Ocean shipping General Rate Increases (GRIs) have been part of global shipping for decades. But there’s a lot of confusion on why they are issued by ocean carriers and how shippers are impacted.
Let’s clarify container shipping GRIs in the U.S. as an example with the following Q&A.
What is a general rate increase in ocean freight?
It’s an increase in sea freight rates during a set time frame. GRIs are typically initiated by the largest carriers, then smaller carriers follow.
When are the most likely times for a container shipping GRI?
- Periods of strong demand with significant space constraints – this would include Christmas season and the pre-lunar New Year rush
- When market rates drop to unsustainable levels
- During the lead up to contract renewal season (e.g., April for Trans-Pacific eastbound freight and December for North Europe westbound freight)
What’s the difference between a GRI, PSS and RR?
GRIs are as explained. A PSS (Peak Season Surcharge) is issued at times when demand exceeds supply during high-volume shipping seasons. RRs (Rate Restorations), as an example of similar surcharge, are declared when carriers attempt to restore container rates to a rate that will cover their costs. GRI, PSS and RR are largely interchangeable terms with the same objective. Carriers may use one term or another based on what is triggering the rate increase.
Does the market get warned of an impending rate increase?
When ocean carriers want to increase freight rates on top of their existing rate agreements, they must file the increase at least 30 days before they take effect with the concerned authorities as required. These authorities would include the Federal Maritime Commission in the U.S. and loading port governing officials elsewhere. Simultaneously, carriers must also inform clients of the increase. Carriers announce GRIs independently and usually in a low-profile way to avoid any perception of collusion among carriers.
How do carriers document their GRIs to their clients?
It depends. Different carriers have different ways of communicating their GRIs. Some will announce GRIs on their own websites as general statements; others will directly modify the increased rates on the contracts directly with their respective FAK floating contract holders.
Are the GRIs the carriers announce always the same quantum (desired rate) as they’ll impose on the effective date?
The rate imposed cannot exceed the ceiling amount filed with authorities. However, the proposed increase may be reduced if market conditions do not support the full quantum of GRI. For instance, a carrier may announce a $600 increase per TEU or FEU but before the effective date they may determine that moving forward with the stated increase would result in too much lost business, so they will scale back the amount of the increase.
Historically, GRIs have shown little staying power in a down market.
What is the effective date when the GRI is applied?
In most cases, the effective date of the GRI corresponds to when cargo begins to get loaded onto the vessel – the onboard date. However, the trans-Pacific trade lane tends to use the gate-in date as the effective date to apply GRI – the day the container arrives at the terminal to await loading.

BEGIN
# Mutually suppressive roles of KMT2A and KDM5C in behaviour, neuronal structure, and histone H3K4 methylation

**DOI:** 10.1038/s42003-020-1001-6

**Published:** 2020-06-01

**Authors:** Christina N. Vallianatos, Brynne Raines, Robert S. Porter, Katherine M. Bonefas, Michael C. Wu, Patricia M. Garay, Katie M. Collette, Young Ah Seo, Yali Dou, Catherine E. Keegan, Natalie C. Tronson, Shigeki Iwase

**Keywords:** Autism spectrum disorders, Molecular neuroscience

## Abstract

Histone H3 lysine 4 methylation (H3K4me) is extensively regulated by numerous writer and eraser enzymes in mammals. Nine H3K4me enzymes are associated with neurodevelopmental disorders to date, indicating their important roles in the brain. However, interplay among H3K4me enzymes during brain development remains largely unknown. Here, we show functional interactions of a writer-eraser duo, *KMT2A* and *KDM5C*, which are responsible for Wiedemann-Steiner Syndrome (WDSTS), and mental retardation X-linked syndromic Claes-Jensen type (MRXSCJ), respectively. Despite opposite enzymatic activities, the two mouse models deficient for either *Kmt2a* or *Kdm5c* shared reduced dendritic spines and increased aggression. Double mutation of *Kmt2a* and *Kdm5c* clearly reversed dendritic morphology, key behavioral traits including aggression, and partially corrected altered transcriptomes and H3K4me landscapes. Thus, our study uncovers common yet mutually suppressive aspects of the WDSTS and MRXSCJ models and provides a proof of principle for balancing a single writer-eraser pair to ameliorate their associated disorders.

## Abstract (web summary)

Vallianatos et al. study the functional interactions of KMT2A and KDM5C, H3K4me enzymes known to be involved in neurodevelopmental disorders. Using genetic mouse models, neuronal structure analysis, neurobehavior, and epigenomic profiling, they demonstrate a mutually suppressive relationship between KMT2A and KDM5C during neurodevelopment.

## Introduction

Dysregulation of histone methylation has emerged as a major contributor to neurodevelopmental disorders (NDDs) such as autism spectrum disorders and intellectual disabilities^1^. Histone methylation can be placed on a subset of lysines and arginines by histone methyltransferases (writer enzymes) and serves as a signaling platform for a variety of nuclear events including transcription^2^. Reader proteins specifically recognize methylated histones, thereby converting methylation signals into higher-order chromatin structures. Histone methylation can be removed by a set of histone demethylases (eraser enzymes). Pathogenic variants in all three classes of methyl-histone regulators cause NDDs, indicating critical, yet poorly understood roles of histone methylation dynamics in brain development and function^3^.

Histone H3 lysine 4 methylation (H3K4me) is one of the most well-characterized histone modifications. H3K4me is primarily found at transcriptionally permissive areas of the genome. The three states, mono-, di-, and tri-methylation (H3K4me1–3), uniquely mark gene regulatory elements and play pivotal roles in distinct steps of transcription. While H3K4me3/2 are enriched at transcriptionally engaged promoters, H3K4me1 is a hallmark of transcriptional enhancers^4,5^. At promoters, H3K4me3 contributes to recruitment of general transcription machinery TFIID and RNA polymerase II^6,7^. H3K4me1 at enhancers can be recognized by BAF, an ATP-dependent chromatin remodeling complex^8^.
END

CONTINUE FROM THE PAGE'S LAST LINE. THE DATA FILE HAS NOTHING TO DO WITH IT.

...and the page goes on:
Are container shipping GRIs applicable to the fixed-rate service contracts during the contract service period?
Both NVOs and BCOs signing fixed-rate agreements with carriers can shield themselves from container shipping GRIs. Both parties should abide by the fixed rate during the service period of the contract, however rates may be subject to PSS if that stipulation is provisionally included in the agreement.
How can you best manage your costs when market rates are so unpredictable, with GRI, RR and PSS?
Talk to your freight forwarder. Dimerco Express Group, for instance, has various contract terms/rates with different carriers and vendors. Therefore, we assess GRI with a more holistic view and decide how to lessen the impact of the GRI on customers’ budgets.
What actions can shippers take in the event of general rate increases?
You can’t avoid GRIs; they are a fact of life in ocean shipping. Also, you can’t play one carrier against another since all carriers tend to apply GRIs uniformly. By being flexible on shipping times, some short-term savings might be possible. For instance, carriers may implement a GRI and then reduce the increase when volumes drop. If you can delay bookings to see how the market reacts to new GRI, it can pay off.
The best thing you can do is stay close to your global freight forwarder since they know the market well. By leveraging strong and long-term relationships with carriers, forwarders like Dimerco can help mitigate the fluctuating costs triggered by container shipping GRIs.
Find the Right Partner for Ocean Freight Forwarding
In this volatile ocean shipping market, it helps to have a shipping partner that can get you the ocean freight capacity you need – at the right price. If your freight capacity needs are largely in Asia, Dimerco could be the Asia-focused shipping partner you need. We are a top 50 global freight forwarder and a top 25 customer partner with all the largest Asia-based ocean carriers, enjoying preferred partner status. To learn more about Dimerco’s ocean shipping services, contact us today to arrange a discussion.